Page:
Arteris Ncore 2.0 Simplifies SafetyApril 25, 2017
Author: Loyd Case
The Arteris Ncore 2.0 network-on-a-chip (NoC) gives developers of machine-learning SoCs for autonomous vehicles an easy way to implement safety standards. The major addition is Ncore Resilience, which automatically incorporates ISO 26262 requirements in a chip design. Other features include non-power-of-two agent support, low-latency proxy caches, and new coherent-memory-cache intellectual property (IP). Announced at the recent Linley Autonomous Hardware Conference, Ncore 2.0 RTL is available now.
The original Ncore was a major update to the Arteris NoC portfolio, offering cache coherence. It also allowed designers to add proxy caches, enabling noncoherent agents to more easily share data with coherent agents and with other noncoherent agents. The company designed Ncore 2.0 with an eye toward the emerging generation of machine-learning processors, which often employ different types of accelerators. Most new machine-learning accelerators target automotive systems that must adhere to the ISO 26262 safety standard. The Arteris Resilience add-on eases implementation of safety-critical features in SoCs.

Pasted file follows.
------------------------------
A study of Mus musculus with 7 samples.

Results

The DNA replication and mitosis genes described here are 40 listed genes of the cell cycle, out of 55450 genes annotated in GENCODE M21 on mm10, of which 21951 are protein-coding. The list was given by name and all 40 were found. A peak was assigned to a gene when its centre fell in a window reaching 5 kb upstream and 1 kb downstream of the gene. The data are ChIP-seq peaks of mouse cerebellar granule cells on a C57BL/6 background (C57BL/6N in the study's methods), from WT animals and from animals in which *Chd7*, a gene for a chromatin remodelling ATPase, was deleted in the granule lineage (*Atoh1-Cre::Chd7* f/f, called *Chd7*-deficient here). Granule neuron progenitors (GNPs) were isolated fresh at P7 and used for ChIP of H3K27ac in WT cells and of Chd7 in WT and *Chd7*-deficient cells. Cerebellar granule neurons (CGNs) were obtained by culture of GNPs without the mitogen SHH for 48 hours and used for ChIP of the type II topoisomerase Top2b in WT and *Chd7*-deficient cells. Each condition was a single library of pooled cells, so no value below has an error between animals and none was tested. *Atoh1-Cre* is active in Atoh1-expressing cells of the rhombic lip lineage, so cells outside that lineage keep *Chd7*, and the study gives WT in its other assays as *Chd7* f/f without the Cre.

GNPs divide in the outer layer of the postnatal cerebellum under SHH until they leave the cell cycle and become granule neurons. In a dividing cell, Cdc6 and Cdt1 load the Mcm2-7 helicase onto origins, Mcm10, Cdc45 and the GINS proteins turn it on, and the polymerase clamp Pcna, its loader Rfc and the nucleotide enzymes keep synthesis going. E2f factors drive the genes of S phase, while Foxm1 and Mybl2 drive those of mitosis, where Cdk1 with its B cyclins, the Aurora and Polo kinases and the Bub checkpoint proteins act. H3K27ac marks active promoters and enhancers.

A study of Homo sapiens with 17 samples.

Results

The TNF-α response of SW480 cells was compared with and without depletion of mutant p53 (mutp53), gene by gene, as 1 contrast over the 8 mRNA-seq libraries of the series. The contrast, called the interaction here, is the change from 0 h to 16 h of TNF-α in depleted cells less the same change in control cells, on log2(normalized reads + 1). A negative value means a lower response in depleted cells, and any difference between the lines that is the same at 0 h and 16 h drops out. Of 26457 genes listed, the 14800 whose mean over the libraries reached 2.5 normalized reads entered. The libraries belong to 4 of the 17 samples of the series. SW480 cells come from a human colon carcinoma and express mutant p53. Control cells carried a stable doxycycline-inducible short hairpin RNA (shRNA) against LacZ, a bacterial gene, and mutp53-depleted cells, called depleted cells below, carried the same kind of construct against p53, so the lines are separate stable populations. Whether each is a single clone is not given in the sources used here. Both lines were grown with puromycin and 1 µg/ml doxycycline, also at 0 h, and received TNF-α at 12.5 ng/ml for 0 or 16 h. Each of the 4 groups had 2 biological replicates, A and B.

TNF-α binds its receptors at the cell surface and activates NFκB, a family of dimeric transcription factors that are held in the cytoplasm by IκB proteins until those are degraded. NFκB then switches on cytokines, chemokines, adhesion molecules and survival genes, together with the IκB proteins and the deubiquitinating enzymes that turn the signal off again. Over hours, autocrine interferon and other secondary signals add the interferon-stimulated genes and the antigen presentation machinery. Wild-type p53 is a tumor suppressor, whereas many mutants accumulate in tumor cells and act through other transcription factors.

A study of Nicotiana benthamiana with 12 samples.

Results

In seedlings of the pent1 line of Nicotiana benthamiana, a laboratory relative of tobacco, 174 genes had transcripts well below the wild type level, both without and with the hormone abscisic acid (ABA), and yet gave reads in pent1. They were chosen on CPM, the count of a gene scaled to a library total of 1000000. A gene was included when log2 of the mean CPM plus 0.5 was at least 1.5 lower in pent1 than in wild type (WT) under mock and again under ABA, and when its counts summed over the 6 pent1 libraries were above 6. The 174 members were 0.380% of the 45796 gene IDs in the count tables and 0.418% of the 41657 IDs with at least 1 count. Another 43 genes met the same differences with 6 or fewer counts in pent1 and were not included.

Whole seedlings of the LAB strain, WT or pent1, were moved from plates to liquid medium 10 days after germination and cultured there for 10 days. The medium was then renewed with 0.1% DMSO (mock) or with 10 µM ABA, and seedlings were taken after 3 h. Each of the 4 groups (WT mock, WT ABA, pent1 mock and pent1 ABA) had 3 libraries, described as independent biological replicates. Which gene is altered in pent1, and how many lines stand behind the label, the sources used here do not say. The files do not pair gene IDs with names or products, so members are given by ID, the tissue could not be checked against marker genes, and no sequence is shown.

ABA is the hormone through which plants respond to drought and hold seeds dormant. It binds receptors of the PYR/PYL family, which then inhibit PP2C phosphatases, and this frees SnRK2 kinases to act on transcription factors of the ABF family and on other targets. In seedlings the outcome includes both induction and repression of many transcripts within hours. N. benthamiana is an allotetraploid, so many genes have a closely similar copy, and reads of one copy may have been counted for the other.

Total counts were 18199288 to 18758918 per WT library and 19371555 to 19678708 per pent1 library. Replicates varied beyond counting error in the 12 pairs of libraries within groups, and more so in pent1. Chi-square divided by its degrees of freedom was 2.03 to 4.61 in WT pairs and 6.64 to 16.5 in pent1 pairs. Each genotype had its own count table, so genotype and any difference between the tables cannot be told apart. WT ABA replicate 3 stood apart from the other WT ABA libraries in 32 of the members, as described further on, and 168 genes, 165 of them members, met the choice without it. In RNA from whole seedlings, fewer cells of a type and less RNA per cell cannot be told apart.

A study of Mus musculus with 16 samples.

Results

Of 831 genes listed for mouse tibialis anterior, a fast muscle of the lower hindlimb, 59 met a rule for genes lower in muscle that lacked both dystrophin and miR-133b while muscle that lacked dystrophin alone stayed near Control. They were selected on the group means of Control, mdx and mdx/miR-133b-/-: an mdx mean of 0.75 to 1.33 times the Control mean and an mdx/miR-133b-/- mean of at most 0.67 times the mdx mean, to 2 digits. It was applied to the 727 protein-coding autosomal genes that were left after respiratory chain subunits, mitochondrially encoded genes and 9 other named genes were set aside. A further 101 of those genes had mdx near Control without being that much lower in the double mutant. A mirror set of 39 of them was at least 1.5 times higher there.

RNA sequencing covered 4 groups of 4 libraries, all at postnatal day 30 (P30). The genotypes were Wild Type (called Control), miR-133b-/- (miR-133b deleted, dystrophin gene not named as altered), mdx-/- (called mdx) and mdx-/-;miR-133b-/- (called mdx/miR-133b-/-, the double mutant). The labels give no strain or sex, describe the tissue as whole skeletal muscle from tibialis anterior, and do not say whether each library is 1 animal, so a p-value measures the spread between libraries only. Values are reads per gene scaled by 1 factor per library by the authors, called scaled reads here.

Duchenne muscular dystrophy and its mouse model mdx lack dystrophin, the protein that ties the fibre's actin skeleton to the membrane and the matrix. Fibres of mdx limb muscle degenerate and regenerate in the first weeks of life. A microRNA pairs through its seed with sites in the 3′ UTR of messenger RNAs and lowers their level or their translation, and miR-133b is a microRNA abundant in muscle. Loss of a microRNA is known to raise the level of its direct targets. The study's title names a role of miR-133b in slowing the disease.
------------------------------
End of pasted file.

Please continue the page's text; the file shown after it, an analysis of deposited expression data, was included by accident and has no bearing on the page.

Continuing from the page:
Resilience also implements a fault controller that monitors and manages fault detection. This controller consists of RTL for a state machine that can be dropped into the design to handle fault identification and self-testing. The NoC offers parity protection for the data path and ECC protection for all on-chip memories, including the proxy cache. The Ncore smart duplication feature avoids duplicating protected links and memories; it only duplicates agents that directly affect data packets. The fault controller comes with built-in self-test (BIST) to ensure it remains uncorrupted.